Software developers to get a standardized security test

Test is designed to help organizations ensure that their programmers have sufficient knowledge about wrapping security into software applications.

Software developers, sharpen those No. 2 pencils. A standardized test on your knowledge of secure programming may soon be coming your way.

The Secure Programming Council unveiled Tuesday a proposed standard for companies to test their software developers' knowledge of secure programming. The aim is to create a situation in which companies can ensure that their developers, whether in-house or outsourced, have a base level of knowledge about wrapping security into software applications.

The council is rolling out its "Essential Skills for Secure Programmers Using Java/JavaEE" (PDF), the first of six standards initiatives. It plans to later add skills tests for C and C++, as well as languages .Net, PHP, and PERL.

The council is opening up the Java/JavaEE proposed standard for public comment via e-mail over the next 60 days.

Some of the proposed areas of testing will include data handling, authentication, and session management and access control. For example, under the data handling task, Java programmers must be able to write programs that read input from interfaces, properly validate the data, then disseminate it. The programmers would also need to be familiar with such malicious-attack scenarios as cross-site scripting and SQL injections.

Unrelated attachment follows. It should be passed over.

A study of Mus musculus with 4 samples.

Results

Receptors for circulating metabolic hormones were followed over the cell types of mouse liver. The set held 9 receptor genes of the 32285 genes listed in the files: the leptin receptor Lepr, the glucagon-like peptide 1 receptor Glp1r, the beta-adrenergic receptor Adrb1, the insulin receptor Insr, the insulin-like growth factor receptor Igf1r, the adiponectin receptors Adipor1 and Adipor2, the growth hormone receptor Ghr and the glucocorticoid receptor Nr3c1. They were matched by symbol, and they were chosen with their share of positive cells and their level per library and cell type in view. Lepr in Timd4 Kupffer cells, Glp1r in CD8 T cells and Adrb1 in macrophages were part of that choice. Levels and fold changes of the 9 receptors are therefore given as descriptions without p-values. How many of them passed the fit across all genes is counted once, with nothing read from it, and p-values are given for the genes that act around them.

The skill testing is designed to not only ask developers whether they know what encryption is but whether they understand the differences between PKI encryption and other forms of encryption, said Ryan Berg, co-founder of Ounce Labs and a member of the Secure Programming Council's Java and JavaEE steering committee.

More than 40 companies, government agencies, and security firms have participated in helping to establish the standards, largely coming from the financial services, manufacturing, aerospace, military, and outsourcing industries, said Alan Paller, director of research at SANS Institute.

"One large financial institution has told its developers that they had to pass the test by August 1, or they won't touch a line of code," Paller said. "The financial industry is taking the lead because they have the most to lose."

SANS will administer the tests, which are scheduled to begin on December 5 in London and continue for the next eight months in cities through out the United States and Europe.

The tests, which don't actually require a No. 2 pencil, cost between $50 and $450, for participants ranging from students to employees of large corporations.